Washington: Drugs that improve brain's ability to permanently replace old traumatic memories with new ones could help advance treatment for posttraumatic stress disorder (PTSD) and other anxiety disorders, scientists say.
Researchers in mice studies found that drugs known as histone deacetylase inhibitors (HDACis) can enhance the brain's ability to replace old traumatic memories with new memories.
"Psychotherapy is often used for treating PTSD, but it doesn't always work, especially when the traumatic events occurred many years earlier," said senior study author Li-Huei Tsai of the Massachusetts Institute of Technology.
"This study provides a mechanism explaining why old memories are difficult to extinguish and shows that HDACis can facilitate psychotherapy to treat anxiety disorders such as PTSD," Tsai said.
A common treatment for anxiety disorders is exposure-based therapy, which involves exposing patients to fear-evoking thoughts or events in a safe environment.
This process reactivates the traumatic memory, opening a short time window during which the original memory can be disrupted and replaced with new memories.
Exposure-based therapy is effective when the traumatic events occurred recently, but until now, it was not clear whether it would also be effective for older traumatic memories.
To address this question, Tsai and her team used a protocol for studying fear responses associated with traumatic memories. In the first phase, the researchers exposed mice to a tone followed by an electrical footshock.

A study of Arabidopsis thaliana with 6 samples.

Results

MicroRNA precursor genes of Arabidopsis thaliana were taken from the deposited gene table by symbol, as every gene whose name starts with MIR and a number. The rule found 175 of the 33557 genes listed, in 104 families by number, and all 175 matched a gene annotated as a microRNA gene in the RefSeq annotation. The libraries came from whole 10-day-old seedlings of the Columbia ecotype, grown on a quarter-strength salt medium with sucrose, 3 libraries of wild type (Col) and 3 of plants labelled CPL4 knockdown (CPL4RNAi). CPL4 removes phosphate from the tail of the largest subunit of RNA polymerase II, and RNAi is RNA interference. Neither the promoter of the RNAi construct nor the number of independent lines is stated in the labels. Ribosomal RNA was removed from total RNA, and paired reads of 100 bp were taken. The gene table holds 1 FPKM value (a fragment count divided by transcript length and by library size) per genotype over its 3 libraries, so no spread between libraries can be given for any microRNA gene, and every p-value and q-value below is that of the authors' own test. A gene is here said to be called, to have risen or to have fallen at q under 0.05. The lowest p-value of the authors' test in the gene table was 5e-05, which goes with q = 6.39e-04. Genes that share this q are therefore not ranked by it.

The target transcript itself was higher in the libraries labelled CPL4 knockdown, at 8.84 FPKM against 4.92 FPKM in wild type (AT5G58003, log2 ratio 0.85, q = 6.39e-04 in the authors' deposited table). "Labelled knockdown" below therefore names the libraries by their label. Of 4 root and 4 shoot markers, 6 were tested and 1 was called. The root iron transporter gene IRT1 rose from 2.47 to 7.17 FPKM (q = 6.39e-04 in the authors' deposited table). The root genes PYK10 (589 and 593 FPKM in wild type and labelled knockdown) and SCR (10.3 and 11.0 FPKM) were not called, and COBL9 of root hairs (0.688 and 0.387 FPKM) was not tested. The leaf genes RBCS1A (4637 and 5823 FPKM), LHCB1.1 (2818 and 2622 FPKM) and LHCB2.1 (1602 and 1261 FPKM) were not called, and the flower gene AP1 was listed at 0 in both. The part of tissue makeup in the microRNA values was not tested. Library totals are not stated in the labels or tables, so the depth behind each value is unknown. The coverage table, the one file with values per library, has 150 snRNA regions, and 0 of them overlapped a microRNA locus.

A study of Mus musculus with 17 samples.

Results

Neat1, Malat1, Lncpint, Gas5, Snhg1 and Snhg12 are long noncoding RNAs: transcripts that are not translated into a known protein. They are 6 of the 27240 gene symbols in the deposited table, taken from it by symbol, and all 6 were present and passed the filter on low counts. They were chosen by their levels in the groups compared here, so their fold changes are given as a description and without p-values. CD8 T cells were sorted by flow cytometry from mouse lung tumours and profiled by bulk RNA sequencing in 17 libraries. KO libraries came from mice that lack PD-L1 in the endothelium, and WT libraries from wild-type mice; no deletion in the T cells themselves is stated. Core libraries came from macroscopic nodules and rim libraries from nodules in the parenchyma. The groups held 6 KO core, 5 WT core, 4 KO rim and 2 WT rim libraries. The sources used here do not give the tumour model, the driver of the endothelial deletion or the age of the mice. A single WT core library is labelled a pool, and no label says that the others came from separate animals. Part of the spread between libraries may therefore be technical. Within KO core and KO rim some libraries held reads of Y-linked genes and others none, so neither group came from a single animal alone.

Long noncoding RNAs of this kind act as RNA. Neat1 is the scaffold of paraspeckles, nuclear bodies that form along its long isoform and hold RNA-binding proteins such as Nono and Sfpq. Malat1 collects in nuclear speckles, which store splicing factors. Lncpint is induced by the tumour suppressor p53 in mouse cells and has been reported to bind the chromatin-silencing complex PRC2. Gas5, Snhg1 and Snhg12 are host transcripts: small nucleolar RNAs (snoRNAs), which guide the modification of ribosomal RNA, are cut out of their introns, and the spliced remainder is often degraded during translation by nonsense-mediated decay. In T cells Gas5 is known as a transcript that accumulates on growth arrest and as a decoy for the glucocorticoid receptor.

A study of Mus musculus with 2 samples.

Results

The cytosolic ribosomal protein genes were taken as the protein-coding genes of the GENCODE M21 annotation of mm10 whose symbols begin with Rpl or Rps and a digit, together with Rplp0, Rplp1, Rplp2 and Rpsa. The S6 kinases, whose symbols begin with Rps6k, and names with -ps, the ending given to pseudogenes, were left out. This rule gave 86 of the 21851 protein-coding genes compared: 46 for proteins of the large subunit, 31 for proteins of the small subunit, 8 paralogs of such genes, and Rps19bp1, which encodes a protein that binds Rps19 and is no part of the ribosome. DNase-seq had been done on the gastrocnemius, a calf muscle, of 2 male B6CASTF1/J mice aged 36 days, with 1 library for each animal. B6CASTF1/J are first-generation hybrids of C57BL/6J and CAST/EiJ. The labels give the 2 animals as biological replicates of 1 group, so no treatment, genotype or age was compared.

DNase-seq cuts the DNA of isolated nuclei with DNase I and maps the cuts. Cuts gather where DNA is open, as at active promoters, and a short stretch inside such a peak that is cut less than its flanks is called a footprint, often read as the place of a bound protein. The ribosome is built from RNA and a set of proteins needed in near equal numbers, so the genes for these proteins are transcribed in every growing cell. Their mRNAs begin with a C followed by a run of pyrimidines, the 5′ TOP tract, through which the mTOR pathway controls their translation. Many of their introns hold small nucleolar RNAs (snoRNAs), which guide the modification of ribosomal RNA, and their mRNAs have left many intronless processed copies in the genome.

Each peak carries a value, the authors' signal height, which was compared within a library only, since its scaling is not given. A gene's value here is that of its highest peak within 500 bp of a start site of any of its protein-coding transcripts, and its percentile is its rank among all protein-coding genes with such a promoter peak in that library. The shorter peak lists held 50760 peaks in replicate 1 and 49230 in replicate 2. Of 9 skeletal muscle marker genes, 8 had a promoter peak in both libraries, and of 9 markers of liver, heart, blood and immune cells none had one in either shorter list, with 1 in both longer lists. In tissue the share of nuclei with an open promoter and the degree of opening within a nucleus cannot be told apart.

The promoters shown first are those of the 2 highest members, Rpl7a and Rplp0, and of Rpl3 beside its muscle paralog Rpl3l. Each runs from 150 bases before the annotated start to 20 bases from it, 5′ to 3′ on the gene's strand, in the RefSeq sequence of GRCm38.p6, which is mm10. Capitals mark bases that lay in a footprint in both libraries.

Once the mice learned to associate these two events, they began to freeze in fear upon hearing the tone by itself, even when they did not receive a shock.
Using an extinction protocol, which is similar to exposure-based therapy, the researchers repeatedly presented the tone without the shock to test whether the mice could unlearn the association between these two events and would stop freezing in response to the tone.
The extinction protocol was successful for mice that were exposed to the tone-shock pairing just one day earlier, but it was not effective for mice that originally formed the traumatic memory one month earlier.
The researchers hypothesised that epigenetic modification of genes involved in learning and memory might be responsible for the diminished response of treatment for older memories.
Researchers tested whether HDACis, which promote long-lasting activation of genes involved in learning and memory, could replace old traumatic memories with new ones.
Mice previously exposed to the tone-shock pairing received HDACis and then underwent the extinction protocol. These mice learned to stop freezing in response to the tone, even when they originally formed the traumatic memory one month earlier.
The study is published in the journal Cell.